OWASP Top 10
The Open Web Application Security Project (OWASP) maintains a list of what they regard as the Top 10 Web Application Security Risks .
These are listed below, together with an explanation of how CRX deals with them.
- SQL - Prevented by design: The default repository setup neither includes nor requires a traditional database, all data is stored in the content repository. All access is limited to authenticated users and can only be performed through the JCR API. SQL is supported for search queries only (SELECT). Furthemore SQL offers value binding support.
- LDAP - LDAP injection is not possible, since the authentication module filters the input and performs the user import using the bind method.
- OS - There is no shell execution performed from within the application.
2. Cross-Site Scripting (XSS)
The general mitigation practice is to encode all output of user-generated content using a server-side XSS protection library based on OWASP Encoder and AntiSamy .
XSS is a top priority during both testing and development, and any issues found are (typically) resolved immediately.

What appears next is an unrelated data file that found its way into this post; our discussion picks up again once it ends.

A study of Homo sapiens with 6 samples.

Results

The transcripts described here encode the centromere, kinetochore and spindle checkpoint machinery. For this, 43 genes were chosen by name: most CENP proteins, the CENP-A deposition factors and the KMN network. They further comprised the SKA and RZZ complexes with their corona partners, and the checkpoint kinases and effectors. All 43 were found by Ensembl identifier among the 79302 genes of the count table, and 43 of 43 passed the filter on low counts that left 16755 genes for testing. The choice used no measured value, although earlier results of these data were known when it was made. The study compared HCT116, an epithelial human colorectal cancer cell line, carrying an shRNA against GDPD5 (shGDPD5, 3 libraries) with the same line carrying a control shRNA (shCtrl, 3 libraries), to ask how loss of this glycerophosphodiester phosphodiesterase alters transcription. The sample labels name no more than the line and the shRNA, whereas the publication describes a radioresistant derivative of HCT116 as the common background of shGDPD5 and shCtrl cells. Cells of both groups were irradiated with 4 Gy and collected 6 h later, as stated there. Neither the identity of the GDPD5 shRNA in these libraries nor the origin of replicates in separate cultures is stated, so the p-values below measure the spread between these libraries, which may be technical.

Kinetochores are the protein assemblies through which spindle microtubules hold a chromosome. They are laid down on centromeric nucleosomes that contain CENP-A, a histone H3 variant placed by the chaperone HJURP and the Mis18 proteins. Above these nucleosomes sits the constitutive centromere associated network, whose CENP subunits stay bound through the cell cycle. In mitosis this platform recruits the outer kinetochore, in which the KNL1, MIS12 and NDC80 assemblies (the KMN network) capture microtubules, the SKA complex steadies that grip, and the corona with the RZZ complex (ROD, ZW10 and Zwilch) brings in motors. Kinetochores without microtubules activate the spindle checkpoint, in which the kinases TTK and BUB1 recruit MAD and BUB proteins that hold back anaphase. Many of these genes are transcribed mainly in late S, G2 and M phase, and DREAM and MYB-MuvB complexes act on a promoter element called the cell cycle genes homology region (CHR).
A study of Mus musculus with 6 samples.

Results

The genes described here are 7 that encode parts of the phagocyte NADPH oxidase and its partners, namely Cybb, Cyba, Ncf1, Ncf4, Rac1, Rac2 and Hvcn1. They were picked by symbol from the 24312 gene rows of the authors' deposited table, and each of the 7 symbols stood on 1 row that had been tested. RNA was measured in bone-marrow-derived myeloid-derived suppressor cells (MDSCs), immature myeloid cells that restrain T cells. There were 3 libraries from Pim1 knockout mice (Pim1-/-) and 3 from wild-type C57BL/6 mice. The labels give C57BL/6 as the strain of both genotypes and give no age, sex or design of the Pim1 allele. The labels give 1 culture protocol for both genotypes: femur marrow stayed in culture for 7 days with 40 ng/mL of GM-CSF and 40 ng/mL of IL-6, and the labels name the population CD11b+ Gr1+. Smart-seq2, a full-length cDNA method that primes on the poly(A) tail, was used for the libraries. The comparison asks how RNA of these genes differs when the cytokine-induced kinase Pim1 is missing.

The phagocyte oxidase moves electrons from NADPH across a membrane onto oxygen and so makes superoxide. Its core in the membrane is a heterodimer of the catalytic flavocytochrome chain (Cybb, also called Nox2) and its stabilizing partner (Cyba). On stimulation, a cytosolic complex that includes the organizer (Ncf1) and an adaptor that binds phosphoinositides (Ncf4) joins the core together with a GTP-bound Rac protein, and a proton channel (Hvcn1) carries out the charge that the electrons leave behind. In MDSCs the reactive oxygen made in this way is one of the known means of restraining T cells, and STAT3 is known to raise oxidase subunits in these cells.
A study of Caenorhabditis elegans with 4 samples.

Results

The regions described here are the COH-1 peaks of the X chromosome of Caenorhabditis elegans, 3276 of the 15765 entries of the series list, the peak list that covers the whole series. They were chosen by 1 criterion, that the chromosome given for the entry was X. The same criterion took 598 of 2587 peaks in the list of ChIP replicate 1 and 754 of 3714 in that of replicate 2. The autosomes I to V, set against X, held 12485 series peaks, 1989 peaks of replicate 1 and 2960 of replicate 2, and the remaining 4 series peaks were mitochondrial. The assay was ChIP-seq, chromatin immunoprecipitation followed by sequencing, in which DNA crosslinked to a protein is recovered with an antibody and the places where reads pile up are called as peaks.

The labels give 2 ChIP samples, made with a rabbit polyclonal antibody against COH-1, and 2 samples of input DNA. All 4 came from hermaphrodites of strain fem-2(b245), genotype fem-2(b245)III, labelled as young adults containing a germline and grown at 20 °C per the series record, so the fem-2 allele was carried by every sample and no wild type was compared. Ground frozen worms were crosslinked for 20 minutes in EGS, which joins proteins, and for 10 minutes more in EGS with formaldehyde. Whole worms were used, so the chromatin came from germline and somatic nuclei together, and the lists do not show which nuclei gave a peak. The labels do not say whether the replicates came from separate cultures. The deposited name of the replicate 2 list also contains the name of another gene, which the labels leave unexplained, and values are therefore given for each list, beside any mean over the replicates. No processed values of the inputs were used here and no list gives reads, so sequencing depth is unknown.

4. Insecure Direct Object References
All access to data objects is mediated by the repository and therefore restricted by role based access control.
5. Cross-Site Request Forgery (CSRF)
Cross-Site Request Forgery (CSRF) is mitigated by automatically injecting a cryptographic token into all forms and AJAX requests and verifying this token on the server for every POST.
In addition, AEM ships with a referrer-header based filter, which can be configured to only allow POST requests from specifically white-listed hosts.
6. Security Misconfiguration
It is impossible to guarantee that all software is always correctly configured. However, we strive to provide as much guidance as possible and make configuration as simple as possible. Furthermore, AEM ships with integrated Security Healthchecks that help you monitor security configuration at a glance.
Please review the Security Checklist for more information which provides you with step by step hardening instructions.
7. Insecure Cryptographic Storage
Passwords are stored as cryptographic hashes in the user node; by default such nodes are only readable by the administrator and the user himself.
Sensitive data such as third-party credentials are stored in encrypted form using a FIPS 140-2 certified cryptographic library.
8. Failure to Restrict URL Access
The repository allows the setting of finely-grained privileges (as specified by JCR) for any given user or group at any given path, through access control entries. Access restrictions are enforced by the repository.
9. Insufficient Transport Layer Protection
Mitigated by server configuration (e.g. use HTTPS only).
10. Unvalidated Redirects and Forwards
Mitigated by restricting all redirects to user-supplied destinations to internal locations.